The list, curated by the Campaign for Safe Cosmetics, spotlights 80 small and medium-sized businesses making safer beauty products for Black women, free of toxic ingredients from the committee’s Red List of Chemicals of Concern. Brands include Shea Radiance, which sources its shea butter from women farmers in western Africa, and Girls With Curls, a maker of “dippity-do” shaping gel with natural aloe.
The searchable database features over 700 products — all vetted by an advisory committee of scientists and NGOs — also free of Red List chemicals.
These efforts are part of the Non-Toxic Black Beauty Project, an initiative designed to raise public, manufacturer and retailer awareness about the hazardous chemicals in Black beauty products linked to breast and ovarian cancer, uterine fibroids, reproductive harm and other health concerns that disproportionately affect Black women.
Released during Breast Cancer Awareness Month, the project focuses specifically on supporting Black women’s health because Black women face the highest breast cancer mortality rate of any racial or ethnic group in America. The Campaign for Safe Cosmetics is a program of Breast Cancer Prevention Partners, a national science-based advocacy organization working to prevent breast cancer by eliminating environmental exposures linked to the disease.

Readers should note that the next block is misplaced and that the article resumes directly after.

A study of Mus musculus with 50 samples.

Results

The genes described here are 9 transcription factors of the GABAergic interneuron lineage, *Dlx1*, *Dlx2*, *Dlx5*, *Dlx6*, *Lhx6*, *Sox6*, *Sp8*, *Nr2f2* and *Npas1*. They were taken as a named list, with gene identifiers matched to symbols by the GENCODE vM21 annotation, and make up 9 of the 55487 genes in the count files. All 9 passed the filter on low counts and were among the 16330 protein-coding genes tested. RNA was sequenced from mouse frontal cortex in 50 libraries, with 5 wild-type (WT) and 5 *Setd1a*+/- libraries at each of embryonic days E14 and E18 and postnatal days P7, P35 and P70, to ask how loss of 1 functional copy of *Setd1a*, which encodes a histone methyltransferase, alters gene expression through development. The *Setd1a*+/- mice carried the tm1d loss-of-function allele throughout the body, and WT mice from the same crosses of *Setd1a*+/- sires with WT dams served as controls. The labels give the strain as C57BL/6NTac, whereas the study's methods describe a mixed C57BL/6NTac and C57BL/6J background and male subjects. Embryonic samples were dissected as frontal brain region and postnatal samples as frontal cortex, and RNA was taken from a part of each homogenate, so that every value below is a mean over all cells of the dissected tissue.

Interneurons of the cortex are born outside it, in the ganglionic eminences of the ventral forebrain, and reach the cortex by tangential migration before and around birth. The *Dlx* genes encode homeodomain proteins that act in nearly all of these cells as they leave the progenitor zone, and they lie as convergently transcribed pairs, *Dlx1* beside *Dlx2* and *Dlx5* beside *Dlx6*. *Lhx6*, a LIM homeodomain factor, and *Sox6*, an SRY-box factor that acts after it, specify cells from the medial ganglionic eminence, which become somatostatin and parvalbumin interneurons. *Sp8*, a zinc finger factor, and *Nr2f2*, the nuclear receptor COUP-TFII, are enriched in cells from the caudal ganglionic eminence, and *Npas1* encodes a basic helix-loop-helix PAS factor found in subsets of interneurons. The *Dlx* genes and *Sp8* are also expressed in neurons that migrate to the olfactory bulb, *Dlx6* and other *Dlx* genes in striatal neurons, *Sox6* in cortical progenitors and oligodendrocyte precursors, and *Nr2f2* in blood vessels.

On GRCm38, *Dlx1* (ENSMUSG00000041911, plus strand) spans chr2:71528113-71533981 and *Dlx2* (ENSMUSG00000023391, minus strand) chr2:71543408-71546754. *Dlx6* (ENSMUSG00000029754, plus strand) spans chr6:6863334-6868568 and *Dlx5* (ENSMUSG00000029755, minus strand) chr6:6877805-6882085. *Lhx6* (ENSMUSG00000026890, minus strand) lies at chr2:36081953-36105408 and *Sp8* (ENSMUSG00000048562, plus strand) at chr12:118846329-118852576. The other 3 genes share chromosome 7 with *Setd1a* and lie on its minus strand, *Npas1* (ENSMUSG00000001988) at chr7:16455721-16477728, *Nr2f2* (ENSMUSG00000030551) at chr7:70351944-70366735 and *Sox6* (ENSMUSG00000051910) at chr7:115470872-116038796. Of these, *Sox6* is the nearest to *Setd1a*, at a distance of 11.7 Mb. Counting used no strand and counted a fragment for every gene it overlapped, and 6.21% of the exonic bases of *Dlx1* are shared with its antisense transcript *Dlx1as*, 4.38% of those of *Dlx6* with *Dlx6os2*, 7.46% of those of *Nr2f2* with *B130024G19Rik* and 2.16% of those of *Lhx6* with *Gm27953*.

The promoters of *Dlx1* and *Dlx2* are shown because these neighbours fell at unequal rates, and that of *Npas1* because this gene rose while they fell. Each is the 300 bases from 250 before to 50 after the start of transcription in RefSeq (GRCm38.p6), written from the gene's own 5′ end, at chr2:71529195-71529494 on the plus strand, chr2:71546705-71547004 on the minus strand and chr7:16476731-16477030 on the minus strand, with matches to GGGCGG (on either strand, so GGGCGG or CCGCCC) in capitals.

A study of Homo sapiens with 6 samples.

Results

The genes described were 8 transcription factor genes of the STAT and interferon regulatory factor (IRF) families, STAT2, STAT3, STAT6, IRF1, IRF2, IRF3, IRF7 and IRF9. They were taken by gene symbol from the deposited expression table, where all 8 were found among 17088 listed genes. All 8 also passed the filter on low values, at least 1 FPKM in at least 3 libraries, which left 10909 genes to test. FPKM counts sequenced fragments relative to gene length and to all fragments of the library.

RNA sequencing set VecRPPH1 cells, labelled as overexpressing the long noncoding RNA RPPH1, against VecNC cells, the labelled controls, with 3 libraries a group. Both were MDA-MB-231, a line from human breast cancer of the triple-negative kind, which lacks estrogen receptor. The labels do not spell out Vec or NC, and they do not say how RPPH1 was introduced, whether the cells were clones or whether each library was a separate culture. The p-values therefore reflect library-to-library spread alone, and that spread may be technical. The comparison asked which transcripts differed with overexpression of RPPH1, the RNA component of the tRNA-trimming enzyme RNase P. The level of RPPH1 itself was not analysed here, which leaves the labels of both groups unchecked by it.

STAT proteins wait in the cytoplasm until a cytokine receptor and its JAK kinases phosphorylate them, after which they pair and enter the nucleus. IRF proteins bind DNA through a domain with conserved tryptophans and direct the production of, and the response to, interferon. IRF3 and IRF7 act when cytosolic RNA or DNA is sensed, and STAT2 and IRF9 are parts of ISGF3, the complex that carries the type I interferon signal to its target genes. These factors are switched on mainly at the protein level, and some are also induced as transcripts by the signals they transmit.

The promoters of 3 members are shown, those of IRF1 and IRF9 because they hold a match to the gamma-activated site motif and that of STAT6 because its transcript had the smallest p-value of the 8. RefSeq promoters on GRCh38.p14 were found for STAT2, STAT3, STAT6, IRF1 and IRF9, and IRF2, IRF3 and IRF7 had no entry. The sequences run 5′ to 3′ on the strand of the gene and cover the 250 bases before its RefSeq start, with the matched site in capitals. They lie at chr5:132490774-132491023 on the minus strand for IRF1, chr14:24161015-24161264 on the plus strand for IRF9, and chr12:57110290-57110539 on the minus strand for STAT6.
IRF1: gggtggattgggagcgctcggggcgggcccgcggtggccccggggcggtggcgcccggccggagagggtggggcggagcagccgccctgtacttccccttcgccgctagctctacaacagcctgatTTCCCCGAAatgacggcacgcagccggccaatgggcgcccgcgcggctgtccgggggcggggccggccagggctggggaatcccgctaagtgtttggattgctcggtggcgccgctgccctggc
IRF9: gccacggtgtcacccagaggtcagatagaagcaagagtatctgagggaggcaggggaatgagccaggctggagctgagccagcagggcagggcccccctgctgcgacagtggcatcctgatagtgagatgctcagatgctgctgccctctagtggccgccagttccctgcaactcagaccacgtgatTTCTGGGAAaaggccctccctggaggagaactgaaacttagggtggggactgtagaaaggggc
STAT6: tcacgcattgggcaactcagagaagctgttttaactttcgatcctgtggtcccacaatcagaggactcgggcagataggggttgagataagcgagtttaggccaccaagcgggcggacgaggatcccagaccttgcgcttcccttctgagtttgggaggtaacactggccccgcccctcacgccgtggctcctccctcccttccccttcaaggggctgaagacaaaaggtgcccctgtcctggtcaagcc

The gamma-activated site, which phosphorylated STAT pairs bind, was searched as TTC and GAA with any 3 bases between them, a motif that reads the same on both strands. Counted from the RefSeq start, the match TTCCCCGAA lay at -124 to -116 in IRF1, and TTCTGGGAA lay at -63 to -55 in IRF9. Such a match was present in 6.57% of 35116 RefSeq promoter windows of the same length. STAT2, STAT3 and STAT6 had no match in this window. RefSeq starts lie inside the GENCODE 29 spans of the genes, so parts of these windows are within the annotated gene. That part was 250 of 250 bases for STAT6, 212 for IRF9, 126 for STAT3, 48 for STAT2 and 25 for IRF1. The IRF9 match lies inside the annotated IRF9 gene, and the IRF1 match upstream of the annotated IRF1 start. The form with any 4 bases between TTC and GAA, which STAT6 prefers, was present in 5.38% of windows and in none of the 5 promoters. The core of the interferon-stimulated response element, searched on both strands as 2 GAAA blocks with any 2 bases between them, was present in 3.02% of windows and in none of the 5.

Beauty products marketed to Black women often contain the most toxic ingredients. Black women who regularly dye their hair have a 60% increased risk of breast cancer, and those who use chemical hair straighteners are 30% more likely to develop the disease, according to the Campaign for Safe Cosmetics.
Black women also purchase and use more beauty products per capita than any other demographic, spending more than $7.5 billion dollars on beauty products a year and nine times more on hair products than the average consumer — increasing concern of toxic exposure.
By promoting leading non-toxic Black-owned beauty brands and connecting Black women with products they can trust, the Campaign for Safe Cosmetics aims to combat toxic health disparities and build a safer Black beauty industry.